Due to the fact that many past antibiotics were derived from soil microorganisms, developing new antibiotics using traditional methods is not easy. In recent decades, very few new types of antibiotics have been created, and their structures are largely similar to those of existing ones. Humanity urgently needs new methods for discovering antibiotics.

Fortunately, with the rapid development of artificial intelligence (AI), humanity can now accelerate the identification of new antibiotics. In a recent paper published in the top academic journal Cell, scientists from institutions such as Queensland University of Technology (QUT) in Australia, Fudan University's Institute of Brain-Inspired Intelligence in China, and the University of Pennsylvania in the United States collaborated to use machine learning. They enabled AI to search through large microbial genome datasets from around the world and identified 863,498 promising antimicrobial peptides (AMPs).

Antimicrobial peptides are short peptide molecules composed of 10 to 100 amino acids that can kill or inhibit the growth of infectious microorganisms. Many bacteria in nature, such as Staphylococcus, Vibrio cholerae, and Listeria, produce antimicrobial peptides to eliminate competitors and gain an advantageous position in their ecological niches.

Natural antimicrobial peptides can be produced through protein decomposition, non-ribosomal synthesis, or encoded within the genome. In this study, scientists focused on the latter method. The research team screened metagenomes, which are microbial genome mixtures extracted from over 60,000 environmental samples worldwide, including samples from oceans, soil, plants, human saliva, and animal intestines.

Researchers established a massive dataset encompassing the genomes of tens of thousands of bacteria and other primitive organisms. Through extensive exploration, they successfully identified nearly a million candidate antimicrobial peptide sequences, over 90% of which had not been previously described.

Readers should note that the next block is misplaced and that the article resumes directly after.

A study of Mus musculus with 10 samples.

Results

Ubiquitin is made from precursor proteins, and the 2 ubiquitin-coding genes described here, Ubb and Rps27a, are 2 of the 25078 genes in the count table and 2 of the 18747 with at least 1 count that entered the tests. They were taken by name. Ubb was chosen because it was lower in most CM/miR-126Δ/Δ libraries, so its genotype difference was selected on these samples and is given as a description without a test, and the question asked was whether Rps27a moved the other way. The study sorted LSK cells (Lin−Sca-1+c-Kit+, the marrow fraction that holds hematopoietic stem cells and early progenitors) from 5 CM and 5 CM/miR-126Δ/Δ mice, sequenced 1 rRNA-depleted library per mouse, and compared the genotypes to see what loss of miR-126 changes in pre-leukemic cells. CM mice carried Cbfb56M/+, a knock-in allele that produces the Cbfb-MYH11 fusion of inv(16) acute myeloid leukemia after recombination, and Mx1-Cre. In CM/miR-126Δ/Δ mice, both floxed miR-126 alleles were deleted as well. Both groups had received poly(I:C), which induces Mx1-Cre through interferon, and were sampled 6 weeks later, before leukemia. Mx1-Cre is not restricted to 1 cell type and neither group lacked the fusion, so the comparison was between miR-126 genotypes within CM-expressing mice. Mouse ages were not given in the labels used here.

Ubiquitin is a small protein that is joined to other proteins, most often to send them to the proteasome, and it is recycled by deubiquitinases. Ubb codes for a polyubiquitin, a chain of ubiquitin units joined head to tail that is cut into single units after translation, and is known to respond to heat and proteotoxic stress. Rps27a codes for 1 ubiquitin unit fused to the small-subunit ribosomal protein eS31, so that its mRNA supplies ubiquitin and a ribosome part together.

Diagram illustrating the screening of antimicrobial peptide sequences from global microbial genome samples.

Credit: Cell(2024),DOI:10.1016/j.cell.2024.05.013

To validate the machine's predictions, the research group synthesized 100 antimicrobial peptides in the lab and tested them both in vitro and in vivo against drug-resistant pathogens that cause clinical infections and human gut symbiotic bacteria. The tests revealed that 79 out of these 100 peptides exhibited antibacterial activity capable of disrupting bacterial membranes. Of these, 63 peptides specifically inhibited the growth of a single pathogen entirely, including antibiotic-resistant bacteria like Staphylococcus aureus and Escherichia coli.

Tests on mouse models infected with bacteria showed that some antimicrobial peptides had anti-infection effects comparable to commercial polymyxin B—a polypeptide antibiotic approved for treating meningitis, pneumonia, sepsis, and urinary tract infections.


Anti-infective activity of AMPs in preclinical animal model

Credit: Cell(2024),DOI:10.1016/j.cell.2024.05.013

These initial tests against pathogenic bacteria indicate that the new antimicrobial peptide database could significantly enhance human strategies for combating bacterial infection threats.

Professor César de la Fuente, one of the main authors of the study, stated: "AI in antibiotic discovery is now a reality and has significantly accelerated our ability to discover new candidate drugs. What once took years can now be achieved in hours using computers"

The research team has made the AI-identified antimicrobial peptide sequences publicly available for free access:


  1. Santos-Júnior CD, Torres MDT, Duan Y, et al. Discovery of antimicrobial peptides in the global microbiome with machine learning. Cell. Published online May 30, 2024. doi:10.1016/j.cell.2024.05.013.

  2. University of Pennsylvania School of Medicine. "Largest-ever antibiotic discovery effort uses AI to uncover potential cures in microbial dark matter." ScienceDaily. (accessed June 7, 2024).